Laboratory Profile: Jefferson Lab The Initial Complement of Experimental Equipment (Nuclear Physics News)

The Initial Compliment of Experimental Equipment

Hall C: The first experimental facility to come into operation at Jefferson Lab is Hall C. The hall first received five-pass 4 GeV beam in May 1995. After optics setup improvements, the first experiment began on November 15 that year. The hall's initial complement of equipment includes two general-purpose, moderate resolution, magnetic spectrometers: the High-Momentum Spectrometer (HMS), shown in Figure 8, has a large solid angle, 10-3 resolution, and a maximum momentum of 7 GeV/c, while the complementary Short-Orbit Spectrometer (SOS), shown in Figure 9, has a large (+-20%) momentum acceptance and a very short (7.4 m) optical path to facilitate detection of particles having short lifetimes, such as low-momentum p's and K's.

The first experiments in Hall C addressed proton propagation in the nuclear medium and the validity of quark counting rules in the photodisintegration of the deuteron. The near-term experimental program includes the separation of the monopole and quadrupole charge form factors of the deuteron, and measurements of the neutron electric form factor and kaon electroproduction.

Hall C is also designed to accommodate specialized detectors built to solve specific problems. For example, the G0 spectrometer now under construction is an eight-sector, focusing, toroidal spectrometer that will be used for precise measurements of parity violation in the scattering of polarized electrons from protons aimed at investigating the weak neutral current structure of the proton and possible contributions from strange quarks.

Hall A: The second experimental facility to come on line will be the pair of optically identical High-Resolution (10-4) Spectrometers (HRS) in Hall A (see Figure 10). Each has a relatively large solid angle and a maximum momentum of 4 GeV/c. The detector packages have been optimized differently--one for electrons, and the other for hadrons. The hadron spectrometer detector includes a focal plane polarimeter.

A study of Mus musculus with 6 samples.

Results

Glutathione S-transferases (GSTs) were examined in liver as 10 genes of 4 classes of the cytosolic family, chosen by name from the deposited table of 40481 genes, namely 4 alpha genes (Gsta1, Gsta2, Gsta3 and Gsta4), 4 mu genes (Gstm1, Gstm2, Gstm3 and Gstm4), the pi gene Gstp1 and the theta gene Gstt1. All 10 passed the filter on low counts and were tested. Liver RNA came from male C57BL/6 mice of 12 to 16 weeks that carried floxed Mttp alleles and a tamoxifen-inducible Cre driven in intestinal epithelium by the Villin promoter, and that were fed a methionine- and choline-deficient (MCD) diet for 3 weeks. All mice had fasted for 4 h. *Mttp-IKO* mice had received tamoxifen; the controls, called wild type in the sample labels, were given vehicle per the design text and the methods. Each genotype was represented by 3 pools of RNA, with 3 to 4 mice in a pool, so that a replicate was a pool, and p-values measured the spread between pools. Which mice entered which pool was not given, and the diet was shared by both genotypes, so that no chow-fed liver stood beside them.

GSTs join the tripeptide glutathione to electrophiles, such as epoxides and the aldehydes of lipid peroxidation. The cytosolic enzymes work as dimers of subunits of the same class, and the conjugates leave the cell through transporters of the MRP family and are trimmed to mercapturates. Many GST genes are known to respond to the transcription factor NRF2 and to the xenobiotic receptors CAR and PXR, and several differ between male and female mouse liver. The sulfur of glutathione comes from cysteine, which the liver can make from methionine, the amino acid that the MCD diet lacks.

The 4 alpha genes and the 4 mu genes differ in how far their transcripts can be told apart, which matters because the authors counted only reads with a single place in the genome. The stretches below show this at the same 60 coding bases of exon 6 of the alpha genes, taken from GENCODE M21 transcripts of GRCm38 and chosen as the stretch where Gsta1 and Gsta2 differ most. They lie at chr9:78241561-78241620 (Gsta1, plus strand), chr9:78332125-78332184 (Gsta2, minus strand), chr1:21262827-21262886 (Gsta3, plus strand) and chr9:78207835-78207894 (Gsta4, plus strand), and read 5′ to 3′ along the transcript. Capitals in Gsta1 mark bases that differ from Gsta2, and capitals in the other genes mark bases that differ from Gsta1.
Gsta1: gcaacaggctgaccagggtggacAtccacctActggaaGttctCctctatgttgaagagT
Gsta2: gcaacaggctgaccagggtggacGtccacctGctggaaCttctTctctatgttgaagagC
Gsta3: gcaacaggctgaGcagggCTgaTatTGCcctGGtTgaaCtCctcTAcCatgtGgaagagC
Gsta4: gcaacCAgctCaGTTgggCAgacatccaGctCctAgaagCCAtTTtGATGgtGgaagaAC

These spectrometers will be used for high-precision studies, mainly involving the (e, e' p) and (e->, e' p->) reactions. The first experiments in Hall A will include measurements of elastic scattering from the deuteron and of the electric form factor of the proton (both free and in the nuclear medium), an investigation of nucleon structure through virtual Compton scattering, and a study of high-momentum components in the 16O wavefunction.

Hall B: The final hall to begin physics operations will be Hall B. It will be equipped with a large acceptance (nearly 4p) detector, the CEBAF Large Acceptance Spectrometer (CLAS). Its main missions are to carry out experiments that require the simultaneous detection of several loosely correlated particles in the hadronic final state, and to permit measurements at limited luminosity.

An exploded view of the CLAS is shown in Figure11. The magnetic field in the detector has a toroidal configuration generated by six iron-free superconducting coils (shown in an early stage of the detector installation in Figure 12). The particle detection consists of drift chambers to determine the trajectories of charged particles, Cherenkov counters for the identification of electrons, scintillation counters for the trigger and for time-of-flight measurements, and electromagnetic calorimeters to identify electrons and to detect photons and neutrons. The superconducting coil for the CLAS has successfully completed full- current acceptance tests. Most of the detectors for the spectrometer have been assembled and tested, and the initial complement are being installed in preparation for first delivery of beam to the hall in December 1996. The remaining detectors and ancillary equipment should be completed in time for full commissioning to begin in spring 1997.

The continuous nature of the electron beam is critical to the functioning of such a multiparticle coincident detector. Hall B also includes a bremsstrahlung photon tagging facility so that the CLAS can investigate real as well as virtual photon processes. The CLAS acts in many ways as a large electronic bubble chamber; data on many different reactions may be obtained simultaneously. The initial run period for this detector will include both electro- and photo-production data on nucleon resonance excitation, vector meson production, and strangeness production. The CLAS spectrometer will also be used in a variety of other investigations requiring data on multiparticle final states, including short-range correlations between nucleons in nuclei, the importance of three-body forces in nuclei, and the modification of the nucleon's properties in the nuclear medium.